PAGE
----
Active Duty? Learn How to Lower Debt Costs

Debt Management 101. Getty Images
Debt Management 101. Getty Images

Content provided courtesy of USAA. 

Military service need not come with heavy financial or legal burdens.

The Servicemembers Civil Relief Act offers military professionals a variety of protections. Taking full advantage of your SCRA rights begins with knowing what they are and how they work.

If you enter active duty and have an existing credit card, auto loan, mortgage or other debt, you may be entitled to a lower interest rate. The SCRA prohibits lenders from charging more than 6% interest on debts incurred prior to active service. The coverage for credit accounts is the period of active duty. For home loans, the coverage is the same period, plus one year.

"Credit card accounts alone could result in savings of hundreds of dollars in interest," says JJ Montanaro, a CERTIFIED FINANCIAL PLANNER™ with USAA. For example, reducing an eligible 14.5% interest rate card with a balance of $5,000 to 6% could save you almost $500 during a 15-month period.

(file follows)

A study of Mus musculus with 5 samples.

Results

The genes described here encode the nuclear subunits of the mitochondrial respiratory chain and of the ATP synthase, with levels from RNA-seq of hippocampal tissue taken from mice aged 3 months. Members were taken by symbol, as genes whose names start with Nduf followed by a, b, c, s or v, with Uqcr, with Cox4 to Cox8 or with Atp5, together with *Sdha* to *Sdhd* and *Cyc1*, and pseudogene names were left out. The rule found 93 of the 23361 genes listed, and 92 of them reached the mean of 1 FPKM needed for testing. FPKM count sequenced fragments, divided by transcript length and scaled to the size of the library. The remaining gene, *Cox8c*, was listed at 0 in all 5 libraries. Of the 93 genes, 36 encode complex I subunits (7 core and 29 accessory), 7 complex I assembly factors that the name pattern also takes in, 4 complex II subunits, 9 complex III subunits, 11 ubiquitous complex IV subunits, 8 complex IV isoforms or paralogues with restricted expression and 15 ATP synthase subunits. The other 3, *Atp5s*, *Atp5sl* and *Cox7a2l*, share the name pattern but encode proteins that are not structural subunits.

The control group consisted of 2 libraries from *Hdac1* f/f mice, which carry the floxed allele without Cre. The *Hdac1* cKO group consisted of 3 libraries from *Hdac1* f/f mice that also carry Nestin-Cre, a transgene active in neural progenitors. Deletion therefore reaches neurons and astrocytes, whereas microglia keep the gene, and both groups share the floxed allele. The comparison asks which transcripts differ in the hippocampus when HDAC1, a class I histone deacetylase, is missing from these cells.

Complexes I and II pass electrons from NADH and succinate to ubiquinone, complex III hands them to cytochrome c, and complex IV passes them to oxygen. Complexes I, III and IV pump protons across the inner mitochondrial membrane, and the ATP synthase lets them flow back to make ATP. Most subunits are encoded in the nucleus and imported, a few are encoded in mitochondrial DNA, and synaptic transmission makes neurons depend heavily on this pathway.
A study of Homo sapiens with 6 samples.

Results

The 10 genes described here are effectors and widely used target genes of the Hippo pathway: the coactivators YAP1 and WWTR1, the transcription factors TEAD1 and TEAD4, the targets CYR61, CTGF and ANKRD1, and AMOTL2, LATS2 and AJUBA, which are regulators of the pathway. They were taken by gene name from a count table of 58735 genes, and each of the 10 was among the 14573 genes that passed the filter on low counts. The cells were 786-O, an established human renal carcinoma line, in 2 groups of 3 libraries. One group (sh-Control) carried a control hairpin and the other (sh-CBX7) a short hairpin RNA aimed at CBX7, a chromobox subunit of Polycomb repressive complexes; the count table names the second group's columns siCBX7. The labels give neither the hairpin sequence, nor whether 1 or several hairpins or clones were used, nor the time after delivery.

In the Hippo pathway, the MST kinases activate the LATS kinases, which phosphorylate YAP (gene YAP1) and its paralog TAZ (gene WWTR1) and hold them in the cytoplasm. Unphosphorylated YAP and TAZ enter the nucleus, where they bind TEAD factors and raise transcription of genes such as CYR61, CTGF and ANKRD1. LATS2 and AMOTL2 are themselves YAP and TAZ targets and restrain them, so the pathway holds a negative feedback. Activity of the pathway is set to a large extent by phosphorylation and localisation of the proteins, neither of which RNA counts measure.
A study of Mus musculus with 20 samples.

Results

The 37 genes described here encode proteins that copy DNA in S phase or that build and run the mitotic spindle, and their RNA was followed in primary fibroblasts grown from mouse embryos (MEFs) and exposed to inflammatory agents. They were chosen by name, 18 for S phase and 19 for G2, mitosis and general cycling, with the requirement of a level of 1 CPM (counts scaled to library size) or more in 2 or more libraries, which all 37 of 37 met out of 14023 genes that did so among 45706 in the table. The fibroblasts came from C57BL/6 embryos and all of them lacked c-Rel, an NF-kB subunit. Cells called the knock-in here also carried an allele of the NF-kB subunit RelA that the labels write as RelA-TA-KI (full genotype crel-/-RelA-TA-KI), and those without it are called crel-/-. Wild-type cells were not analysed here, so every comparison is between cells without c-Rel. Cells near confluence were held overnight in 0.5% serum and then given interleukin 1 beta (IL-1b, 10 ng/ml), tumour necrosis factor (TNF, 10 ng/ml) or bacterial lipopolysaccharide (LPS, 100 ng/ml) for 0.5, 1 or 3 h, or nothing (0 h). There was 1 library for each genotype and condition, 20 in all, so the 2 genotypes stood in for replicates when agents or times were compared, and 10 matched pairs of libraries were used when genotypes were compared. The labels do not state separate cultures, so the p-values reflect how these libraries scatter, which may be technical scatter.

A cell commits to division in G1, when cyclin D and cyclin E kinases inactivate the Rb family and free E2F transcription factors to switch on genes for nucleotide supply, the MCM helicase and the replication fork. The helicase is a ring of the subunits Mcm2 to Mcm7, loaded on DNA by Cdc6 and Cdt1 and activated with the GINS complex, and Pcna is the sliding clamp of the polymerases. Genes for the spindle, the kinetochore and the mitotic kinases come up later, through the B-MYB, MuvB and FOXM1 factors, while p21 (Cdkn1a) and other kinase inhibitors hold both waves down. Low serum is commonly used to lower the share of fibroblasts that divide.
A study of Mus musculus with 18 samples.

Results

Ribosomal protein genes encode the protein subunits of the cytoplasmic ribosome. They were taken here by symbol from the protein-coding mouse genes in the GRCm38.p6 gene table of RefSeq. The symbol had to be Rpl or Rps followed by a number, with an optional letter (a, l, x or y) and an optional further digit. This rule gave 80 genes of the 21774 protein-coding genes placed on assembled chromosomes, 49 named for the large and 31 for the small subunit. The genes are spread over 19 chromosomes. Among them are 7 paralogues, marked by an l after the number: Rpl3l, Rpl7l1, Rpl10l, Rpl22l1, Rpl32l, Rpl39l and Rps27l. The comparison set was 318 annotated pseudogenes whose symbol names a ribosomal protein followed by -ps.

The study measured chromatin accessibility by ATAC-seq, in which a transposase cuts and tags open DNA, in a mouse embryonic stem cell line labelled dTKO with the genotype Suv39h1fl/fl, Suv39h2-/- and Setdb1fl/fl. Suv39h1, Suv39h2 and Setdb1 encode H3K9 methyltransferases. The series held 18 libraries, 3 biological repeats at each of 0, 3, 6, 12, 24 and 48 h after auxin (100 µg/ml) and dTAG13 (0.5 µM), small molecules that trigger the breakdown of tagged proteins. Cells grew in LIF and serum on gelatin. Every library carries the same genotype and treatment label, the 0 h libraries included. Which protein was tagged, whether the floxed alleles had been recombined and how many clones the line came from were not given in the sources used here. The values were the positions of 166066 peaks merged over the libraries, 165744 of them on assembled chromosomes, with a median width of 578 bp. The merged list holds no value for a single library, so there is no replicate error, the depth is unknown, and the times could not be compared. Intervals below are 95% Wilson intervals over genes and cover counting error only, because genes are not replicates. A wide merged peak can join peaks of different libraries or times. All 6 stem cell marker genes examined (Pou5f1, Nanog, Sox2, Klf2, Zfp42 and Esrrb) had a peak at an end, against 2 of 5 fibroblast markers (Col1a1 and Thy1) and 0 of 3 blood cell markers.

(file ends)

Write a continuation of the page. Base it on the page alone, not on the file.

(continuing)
To take advantage of this rate cap, the SCRA requires you to:

  • Notify your lenders; and
  • Send them a copy of your military orders.

 There are some exceptions, however. Service members also should understand that SCRA rules don't apply to debts incurred after entering active duty.

It's worth noting that under SCRA, if you're assigned overseas or to an area where your cellphone provider doesn't have coverage, you may cancel the contract with no penalties and fees.

You also may be entitled to life insurance protection benefits under SCRA. To learn more about eligibility requirements and to access the application for the Protection of Commercial Life Insurance Policy (VA form 29-380), contact the U.S. Department of Veterans Affairs office.

Other SCRA protections cover:

  • Terminating leases
  • Evictions
  • Foreclosure
  • Tax relief
  • Credit protection
  • Legal proceedings

For more details on these and for help understanding other rights under SCRA, contact your nearest legal assistance office or visit this U.S. government page.